Your word processor assumes that a word space marks a safe place to flow text onto a new line or page. A nonbreaking space is the same width as a word space, but it prevents the text from flowing to a new line or page. It’s like invisible glue between the words on either side.
|control (option on Mac) + shift + space bar
|option + space bar
Put a nonbreaking space before any numeric or alphabetic reference to prevent awkward breaks. Recall this example from paragraph and section marks:
1782, offer a full refund to buyers. But ¶
49 of the contract offers another option.
§ 1782, offer a full refund to buyers. But
¶ 49 of the contract offers another option.
In the top example, normal word spaces come after the § and ¶ symbols, and the numeric references incorrectly appear on the next line.
In the bottom example, nonbreaking spaces come after the § and ¶ symbols. This time, the symbols and the numeric references stay together.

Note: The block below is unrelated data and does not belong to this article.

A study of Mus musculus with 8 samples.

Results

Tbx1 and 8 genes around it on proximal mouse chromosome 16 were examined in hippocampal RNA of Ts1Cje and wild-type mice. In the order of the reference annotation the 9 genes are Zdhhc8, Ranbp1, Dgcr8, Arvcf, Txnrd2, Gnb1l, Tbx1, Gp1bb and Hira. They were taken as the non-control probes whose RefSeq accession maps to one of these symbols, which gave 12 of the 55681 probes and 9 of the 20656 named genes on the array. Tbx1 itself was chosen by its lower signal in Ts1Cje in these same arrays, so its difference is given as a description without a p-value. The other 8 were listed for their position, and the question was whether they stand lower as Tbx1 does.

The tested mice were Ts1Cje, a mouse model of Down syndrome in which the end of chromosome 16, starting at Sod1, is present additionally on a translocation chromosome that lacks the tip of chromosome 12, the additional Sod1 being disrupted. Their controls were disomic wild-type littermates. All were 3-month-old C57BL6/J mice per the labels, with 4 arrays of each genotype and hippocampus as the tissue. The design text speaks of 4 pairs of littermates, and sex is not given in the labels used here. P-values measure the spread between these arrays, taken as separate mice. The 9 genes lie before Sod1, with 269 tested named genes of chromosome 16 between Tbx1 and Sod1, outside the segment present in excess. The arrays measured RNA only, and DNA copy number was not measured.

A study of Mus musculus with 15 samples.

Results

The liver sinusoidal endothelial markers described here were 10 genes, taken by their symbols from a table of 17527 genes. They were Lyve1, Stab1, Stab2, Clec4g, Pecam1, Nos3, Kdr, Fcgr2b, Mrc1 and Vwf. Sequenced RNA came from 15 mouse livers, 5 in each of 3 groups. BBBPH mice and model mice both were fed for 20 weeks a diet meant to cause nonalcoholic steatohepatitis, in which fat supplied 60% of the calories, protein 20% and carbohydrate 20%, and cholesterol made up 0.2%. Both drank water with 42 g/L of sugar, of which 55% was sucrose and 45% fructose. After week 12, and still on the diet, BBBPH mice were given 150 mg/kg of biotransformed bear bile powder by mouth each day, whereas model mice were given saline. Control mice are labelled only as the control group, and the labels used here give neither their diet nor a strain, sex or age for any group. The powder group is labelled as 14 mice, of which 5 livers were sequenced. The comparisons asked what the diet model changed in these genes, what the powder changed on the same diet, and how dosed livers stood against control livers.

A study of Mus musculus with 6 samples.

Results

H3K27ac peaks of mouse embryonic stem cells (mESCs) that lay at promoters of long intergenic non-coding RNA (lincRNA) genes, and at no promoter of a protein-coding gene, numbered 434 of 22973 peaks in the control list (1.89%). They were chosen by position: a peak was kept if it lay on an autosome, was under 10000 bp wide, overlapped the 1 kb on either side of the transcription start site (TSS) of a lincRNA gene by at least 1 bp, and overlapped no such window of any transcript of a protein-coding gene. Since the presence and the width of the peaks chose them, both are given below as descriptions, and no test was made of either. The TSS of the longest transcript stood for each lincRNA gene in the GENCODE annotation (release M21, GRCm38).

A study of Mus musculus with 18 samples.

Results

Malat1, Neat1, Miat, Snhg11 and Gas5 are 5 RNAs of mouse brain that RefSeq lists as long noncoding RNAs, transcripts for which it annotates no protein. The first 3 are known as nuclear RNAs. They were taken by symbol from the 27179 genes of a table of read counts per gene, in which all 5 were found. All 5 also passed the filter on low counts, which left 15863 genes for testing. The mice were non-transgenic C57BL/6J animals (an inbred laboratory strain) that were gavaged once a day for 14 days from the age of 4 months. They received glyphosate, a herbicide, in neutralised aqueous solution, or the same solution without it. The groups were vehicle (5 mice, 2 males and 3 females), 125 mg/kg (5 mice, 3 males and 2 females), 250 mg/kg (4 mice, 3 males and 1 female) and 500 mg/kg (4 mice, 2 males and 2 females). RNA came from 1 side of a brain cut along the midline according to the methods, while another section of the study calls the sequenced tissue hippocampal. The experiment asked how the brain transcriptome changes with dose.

An example ripped from the headlines:
Also use a nonbreaking space after other abbreviated reference marks
Nonbreaking spaces can be inserted into HTML documents either with an escape code (
) or by typing a nonbreaking space character (using whatever key shortcut is assigned to it in your text editor).
If you believe in the principle that source code should be optimized for readability—I do—then you should use the
escape code, as it makes the nonbreaking space visible and explicit.
Why isn’t there a standard key shortcut for the nonbreaking space? Beats me.
Unlike other white space in HTML, a sequence of nonbreaking spaces is not collapsed into a single word space. So theoretically, you can make larger spaces out of nonbreaking spaces. But as with any white-space characters, this is bad policy—like fixing a flat tire with duct tape.